Jeff Gibeling: Chair of MSE through 2020

DAVIS, Calif.; December 2, 2016–Professor Jeffery C. Gibeling’s appointment as the new Chair of the UC Davis Department of Materials Science and Engineering at UC Davis began December 1, 2016 and is effective through June 30, 2020.

Professor Jeffery C. Gibeling is the new Chair of the UC Davis Department of Materials Science and Engineering.

Professor Jeffery C. Gibeling is the new Chair of the UC Davis Department of Materials Science and Engineering.

Professor Gibeling’s teaching and research interests are in the area of mechanical behavior of materials, including the study of fundamental deformation mechanisms, high temperature creep deformation, fracture and fatigue. He studies these phenomena in a wide variety of materials, including metals, metal matrix composites, layered materials and cortical bone. Professor Gibeling is nationally and internationally recognized for developing new techniques for high-precision measurements of the mechanical response of materials to applied stresses in order to better understand the fundamental atomic-level processes controlling deformation.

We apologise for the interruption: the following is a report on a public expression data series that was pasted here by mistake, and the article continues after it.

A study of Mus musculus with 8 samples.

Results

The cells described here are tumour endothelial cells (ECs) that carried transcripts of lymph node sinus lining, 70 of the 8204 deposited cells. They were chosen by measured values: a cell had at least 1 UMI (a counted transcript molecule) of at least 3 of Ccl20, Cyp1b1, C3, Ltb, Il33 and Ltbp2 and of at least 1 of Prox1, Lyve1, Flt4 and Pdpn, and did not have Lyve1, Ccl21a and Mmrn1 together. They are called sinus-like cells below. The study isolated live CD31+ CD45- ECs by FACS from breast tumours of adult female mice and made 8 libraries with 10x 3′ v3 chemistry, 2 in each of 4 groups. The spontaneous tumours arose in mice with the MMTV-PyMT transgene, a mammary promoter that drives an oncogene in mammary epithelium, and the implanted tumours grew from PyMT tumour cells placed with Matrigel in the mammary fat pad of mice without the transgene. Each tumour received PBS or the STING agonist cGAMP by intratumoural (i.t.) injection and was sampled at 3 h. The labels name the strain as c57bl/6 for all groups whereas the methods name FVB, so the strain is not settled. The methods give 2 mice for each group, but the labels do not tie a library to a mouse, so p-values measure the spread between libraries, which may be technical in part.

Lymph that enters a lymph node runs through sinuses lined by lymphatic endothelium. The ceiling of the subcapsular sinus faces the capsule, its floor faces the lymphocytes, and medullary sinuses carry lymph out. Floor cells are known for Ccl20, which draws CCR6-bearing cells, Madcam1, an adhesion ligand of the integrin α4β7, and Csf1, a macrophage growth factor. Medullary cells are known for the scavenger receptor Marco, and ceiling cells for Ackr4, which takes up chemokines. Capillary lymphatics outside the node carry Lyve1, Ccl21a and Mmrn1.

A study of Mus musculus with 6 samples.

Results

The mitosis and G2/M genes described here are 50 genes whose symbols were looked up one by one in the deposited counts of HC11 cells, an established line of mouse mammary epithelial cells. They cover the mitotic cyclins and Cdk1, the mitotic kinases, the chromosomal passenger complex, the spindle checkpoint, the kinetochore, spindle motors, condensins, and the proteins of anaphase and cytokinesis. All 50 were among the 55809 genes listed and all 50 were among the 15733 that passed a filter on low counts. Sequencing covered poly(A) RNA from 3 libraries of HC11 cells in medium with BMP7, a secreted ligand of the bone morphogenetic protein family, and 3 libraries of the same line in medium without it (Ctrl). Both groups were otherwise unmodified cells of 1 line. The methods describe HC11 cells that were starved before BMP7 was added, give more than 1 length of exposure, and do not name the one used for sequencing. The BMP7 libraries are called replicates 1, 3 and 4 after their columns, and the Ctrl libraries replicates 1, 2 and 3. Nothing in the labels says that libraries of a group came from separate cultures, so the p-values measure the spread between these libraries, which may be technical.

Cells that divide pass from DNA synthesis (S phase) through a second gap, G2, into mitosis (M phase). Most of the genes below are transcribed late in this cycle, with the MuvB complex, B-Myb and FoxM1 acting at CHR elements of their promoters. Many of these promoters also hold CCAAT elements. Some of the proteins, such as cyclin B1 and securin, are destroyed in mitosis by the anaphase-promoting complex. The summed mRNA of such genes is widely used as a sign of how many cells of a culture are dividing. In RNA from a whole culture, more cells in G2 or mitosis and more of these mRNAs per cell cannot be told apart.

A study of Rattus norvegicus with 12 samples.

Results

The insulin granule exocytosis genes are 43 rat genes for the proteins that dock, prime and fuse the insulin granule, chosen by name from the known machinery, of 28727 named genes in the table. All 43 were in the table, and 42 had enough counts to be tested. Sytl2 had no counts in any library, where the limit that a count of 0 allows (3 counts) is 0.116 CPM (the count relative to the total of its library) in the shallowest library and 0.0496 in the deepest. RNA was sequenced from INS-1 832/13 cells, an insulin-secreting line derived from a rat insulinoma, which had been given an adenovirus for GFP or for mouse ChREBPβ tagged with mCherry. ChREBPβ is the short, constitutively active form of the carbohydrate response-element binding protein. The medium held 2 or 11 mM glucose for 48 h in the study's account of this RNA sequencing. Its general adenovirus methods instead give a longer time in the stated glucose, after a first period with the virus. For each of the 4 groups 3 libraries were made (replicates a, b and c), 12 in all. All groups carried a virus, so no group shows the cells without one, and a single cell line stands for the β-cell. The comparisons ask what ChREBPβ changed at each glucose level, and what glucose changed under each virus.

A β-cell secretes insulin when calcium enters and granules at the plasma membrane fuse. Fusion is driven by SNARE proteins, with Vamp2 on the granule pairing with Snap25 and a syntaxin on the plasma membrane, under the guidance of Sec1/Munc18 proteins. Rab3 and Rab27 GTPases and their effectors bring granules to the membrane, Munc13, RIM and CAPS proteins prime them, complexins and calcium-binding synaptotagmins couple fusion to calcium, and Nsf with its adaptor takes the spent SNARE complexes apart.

From 2002 to 2016, Professor Gibeling served as Vice Provost – Graduate Education and Dean – Graduate Studies at UC Davis, where he was responsible for the administration of 90 graduate degree programs. In his role as Vice Provost and Dean, Professor Gibeling provided national and international leadership for graduate education issues. Prior to being appointed Vice Provost and Dean, Professor Gibeling served in other leadership roles including Chair of the UC Davis Academic Senate and Executive Associate Dean of Graduate Studies.

Professor Gibeling began his career at UC Davis in 1984 as an assistant professor of materials science and engineering. Before joining UC Davis, he worked as an acting assistant professor and senior research associate at Stanford University from 1979 through 1984. He is the author or coauthor of more than 100 publications on the mechanical properties of materials and has guided the thesis and dissertation work of 25 graduate students. He holds a bachelor’s degree in mechanical engineering and a master’s degree and Ph.D. in materials science and engineering, all from Stanford University.